Probably one of the last things clergy and lay leaders are worried about right now is history, especially with the ever-present coronavirus looking to overstay its welcome for who knows how long.
But John Finley, executive director of the Baptist History and Heritage Society, says churches ought to be documenting decisions and actions taken during COVID-19 because such information will be invaluable to ministers and congregations in the future.
“Local churches would benefit from preserving the primary source documents of this moment,” said Finley, former pastor of First Baptist Church in Savannah, Ga. “We need to preserve the memory of how moving online and into Zoom preserved our churches during this pandemic.”
Posterity isn’t the only beneficiary of methodical record keeping, he added. Records also can be used for church histories and to celebrate congregational anniversaries. And a surprising number of emails and letters arrive at the society from people doing their own family and church histories.
“The work of doing Baptist history is progressing,” he said. “There are people undertaking those tasks in a variety of places. And we do what we can to assist them. That continues.”
Finley, a longtime Cooperative Baptist Fellowship pastor, took the helm of the society in 2017. Today the organization has about 500 members plus “a much larger group who are friends.” He spoke with BNG about the society and the challenges it faces in the era of COVID-19.
Why is it important for Baptists to know their history?
It is important for Baptists to know who they are, who the significant persons and events and circumstances were that have helped make them who they are as a Baptist people today. It is by understanding our heritage that we can live in the present and look to the future and make wise choices. I think it really goes to the question of identity. To understand who you are, you have to understand where you come from.
Is it too soon to expect history papers about this pandemic?
Yes and no. It’s not too soon in that it’s always appropriate to be reflecting on your history even as it’s happening. But I would qualify that by saying we will only know the full impact of this pandemic as time goes by. That doesn’t need to discourage us in any way to preserve our history as it’s happening and to begin to assess it.
How have past pandemics been studied in this way?
One of the papers we were hoping to have presented at our annual conference this past May was titled, “Baptist Responses to the Spanish Flu Pandemic of 1918.” While it wasn’t completed by the time we canceled our conference in May, the paper was going to give some perspective on the terrible Spanish flu pandemic of 100 years ago, going through the primary source materials to gain some perspectives on what happened and how it affected Baptist life and Baptist churches and how Baptists responded.
What kinds of source materials should ministers preserve?
Pastors should preserve, in print and digital form, their worship services and their sermons. I think information like that will be increasingly valuable in the future. We should be documenting how worship changed when went we went to live streaming and Zoom.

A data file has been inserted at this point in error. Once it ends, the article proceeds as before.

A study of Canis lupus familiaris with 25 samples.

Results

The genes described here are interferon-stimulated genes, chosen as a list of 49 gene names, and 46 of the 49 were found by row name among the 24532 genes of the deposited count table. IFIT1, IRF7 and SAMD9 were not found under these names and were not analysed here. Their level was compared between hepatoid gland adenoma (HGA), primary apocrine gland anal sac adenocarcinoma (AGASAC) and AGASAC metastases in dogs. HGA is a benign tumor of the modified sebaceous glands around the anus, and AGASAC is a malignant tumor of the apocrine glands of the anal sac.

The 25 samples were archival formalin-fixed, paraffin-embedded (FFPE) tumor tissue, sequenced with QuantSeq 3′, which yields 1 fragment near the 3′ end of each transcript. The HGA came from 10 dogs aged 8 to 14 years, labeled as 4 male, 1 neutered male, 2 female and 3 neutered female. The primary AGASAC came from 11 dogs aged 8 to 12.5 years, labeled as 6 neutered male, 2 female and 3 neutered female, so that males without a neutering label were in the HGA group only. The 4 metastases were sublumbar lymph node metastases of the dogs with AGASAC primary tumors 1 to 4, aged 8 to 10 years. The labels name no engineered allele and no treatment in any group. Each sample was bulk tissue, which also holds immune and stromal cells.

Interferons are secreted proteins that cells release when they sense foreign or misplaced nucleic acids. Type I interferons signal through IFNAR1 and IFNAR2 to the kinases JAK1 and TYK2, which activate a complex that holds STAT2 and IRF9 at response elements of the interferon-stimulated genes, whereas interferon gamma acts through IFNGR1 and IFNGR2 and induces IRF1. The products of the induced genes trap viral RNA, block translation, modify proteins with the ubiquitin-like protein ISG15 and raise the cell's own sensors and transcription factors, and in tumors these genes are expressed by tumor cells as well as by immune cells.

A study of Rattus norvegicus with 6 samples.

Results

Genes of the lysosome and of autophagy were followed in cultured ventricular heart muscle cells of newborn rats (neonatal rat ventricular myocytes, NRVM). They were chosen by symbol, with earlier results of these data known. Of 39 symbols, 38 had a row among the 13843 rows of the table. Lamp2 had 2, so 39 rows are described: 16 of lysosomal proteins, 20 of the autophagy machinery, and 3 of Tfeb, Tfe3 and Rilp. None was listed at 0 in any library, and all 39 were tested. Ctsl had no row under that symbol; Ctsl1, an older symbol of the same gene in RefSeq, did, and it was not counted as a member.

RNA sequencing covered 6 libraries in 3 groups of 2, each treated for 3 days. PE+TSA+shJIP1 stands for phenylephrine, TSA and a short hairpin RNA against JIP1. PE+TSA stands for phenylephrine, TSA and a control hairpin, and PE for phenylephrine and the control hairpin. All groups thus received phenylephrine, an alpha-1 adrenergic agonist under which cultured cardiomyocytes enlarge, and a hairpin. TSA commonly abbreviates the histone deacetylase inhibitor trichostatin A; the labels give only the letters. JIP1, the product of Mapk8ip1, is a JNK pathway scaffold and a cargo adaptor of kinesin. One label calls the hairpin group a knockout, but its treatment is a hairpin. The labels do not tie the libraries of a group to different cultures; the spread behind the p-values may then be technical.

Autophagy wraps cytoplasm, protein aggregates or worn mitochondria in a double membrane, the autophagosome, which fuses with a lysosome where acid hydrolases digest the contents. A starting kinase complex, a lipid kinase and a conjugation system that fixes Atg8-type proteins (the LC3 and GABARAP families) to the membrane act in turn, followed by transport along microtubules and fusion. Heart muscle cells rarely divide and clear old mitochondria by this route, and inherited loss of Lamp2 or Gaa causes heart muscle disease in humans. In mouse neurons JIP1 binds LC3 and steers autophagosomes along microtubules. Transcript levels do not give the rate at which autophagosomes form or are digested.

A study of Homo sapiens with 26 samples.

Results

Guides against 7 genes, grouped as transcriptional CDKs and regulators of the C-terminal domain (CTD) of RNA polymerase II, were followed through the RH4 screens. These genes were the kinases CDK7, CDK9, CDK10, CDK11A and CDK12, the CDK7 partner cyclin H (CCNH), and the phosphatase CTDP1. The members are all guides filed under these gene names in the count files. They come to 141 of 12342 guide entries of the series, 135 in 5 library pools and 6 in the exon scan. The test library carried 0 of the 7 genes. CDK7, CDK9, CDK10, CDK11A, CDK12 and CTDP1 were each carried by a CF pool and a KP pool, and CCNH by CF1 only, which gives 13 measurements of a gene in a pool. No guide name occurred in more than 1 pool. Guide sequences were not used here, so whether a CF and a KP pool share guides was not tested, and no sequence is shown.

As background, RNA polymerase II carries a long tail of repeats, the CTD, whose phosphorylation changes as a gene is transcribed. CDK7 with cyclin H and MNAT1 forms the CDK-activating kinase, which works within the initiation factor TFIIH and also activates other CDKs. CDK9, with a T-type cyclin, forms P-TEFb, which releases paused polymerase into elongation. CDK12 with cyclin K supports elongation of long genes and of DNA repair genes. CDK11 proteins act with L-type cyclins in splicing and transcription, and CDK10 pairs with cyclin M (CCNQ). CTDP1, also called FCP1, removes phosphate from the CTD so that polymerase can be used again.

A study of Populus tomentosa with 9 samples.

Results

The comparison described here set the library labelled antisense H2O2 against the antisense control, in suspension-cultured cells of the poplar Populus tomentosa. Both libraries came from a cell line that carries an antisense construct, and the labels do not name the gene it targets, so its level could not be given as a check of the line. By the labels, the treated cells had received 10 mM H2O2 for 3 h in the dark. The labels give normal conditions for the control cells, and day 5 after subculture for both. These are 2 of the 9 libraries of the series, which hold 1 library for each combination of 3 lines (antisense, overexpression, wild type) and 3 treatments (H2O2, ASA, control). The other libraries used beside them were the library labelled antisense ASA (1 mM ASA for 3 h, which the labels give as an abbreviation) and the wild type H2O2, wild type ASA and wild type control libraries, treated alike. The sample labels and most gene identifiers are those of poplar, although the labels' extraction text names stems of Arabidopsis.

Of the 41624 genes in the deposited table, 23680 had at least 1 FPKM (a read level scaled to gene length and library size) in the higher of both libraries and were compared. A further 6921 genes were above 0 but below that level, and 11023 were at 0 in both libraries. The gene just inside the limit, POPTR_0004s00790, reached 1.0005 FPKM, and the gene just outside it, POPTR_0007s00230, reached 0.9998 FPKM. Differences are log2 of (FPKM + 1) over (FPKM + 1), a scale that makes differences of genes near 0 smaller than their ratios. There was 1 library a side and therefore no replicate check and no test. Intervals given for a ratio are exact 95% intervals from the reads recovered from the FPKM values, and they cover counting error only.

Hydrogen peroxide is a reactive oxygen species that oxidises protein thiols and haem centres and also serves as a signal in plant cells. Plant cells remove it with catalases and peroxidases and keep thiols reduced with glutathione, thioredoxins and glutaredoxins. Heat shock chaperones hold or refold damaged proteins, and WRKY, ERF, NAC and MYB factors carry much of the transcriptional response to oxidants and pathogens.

In what other ways can churches or pastors use history for their ministries?
In recent years we have tried to take some steps toward local congregations about this. There are lay people and scholarly pastors and staff ministers who use materials we offer, either pamphlets or booklets or our peer-reviewed journal on Baptist history. Many of those articles provide background information or sermon illustrations, ideas on how to put together a series of sermons on Baptist history. We also work with congregations on ways to preserve the local churches’ history. We cover how to write a history book or how to celebrate a major anniversary at your church. We show churches how to preserve their records and how to uncover their history.
Are there ways the society is like a ministry or church itself?
There are some similarities. The society is not a church, but there is a kind of fellowship, a series of caring relationships, among its members. I would use the word “ministry.” We are identified as a partner minister of CBF and a few of the state CBF chapters. And it would be accurate to say the society provides a ministry to churches and denominational groups by providing resources to help them identify and preserve their heritage.
Has the society itself suffered significant impacts during the pandemic?
One of the biggest impacts was the forced cancellation of our annual conference in May, which was to be held at Samford University in Birmingham, Ala. It is the main event we sponsor every year, which we have done for years and years. It’s a major gathering usually held over three days. We also have experienced a somewhat diminished level of financial support. It’s understandable. It’s probably too early to tell what the impact will be this year, although I wouldn’t predict it will be overly dramatic. We know we are not alone in that. This pandemic affects every nonprofit group and ministry. And we do have very loyal, faithful, generous individual and institutional donors, who have continued to give during this time.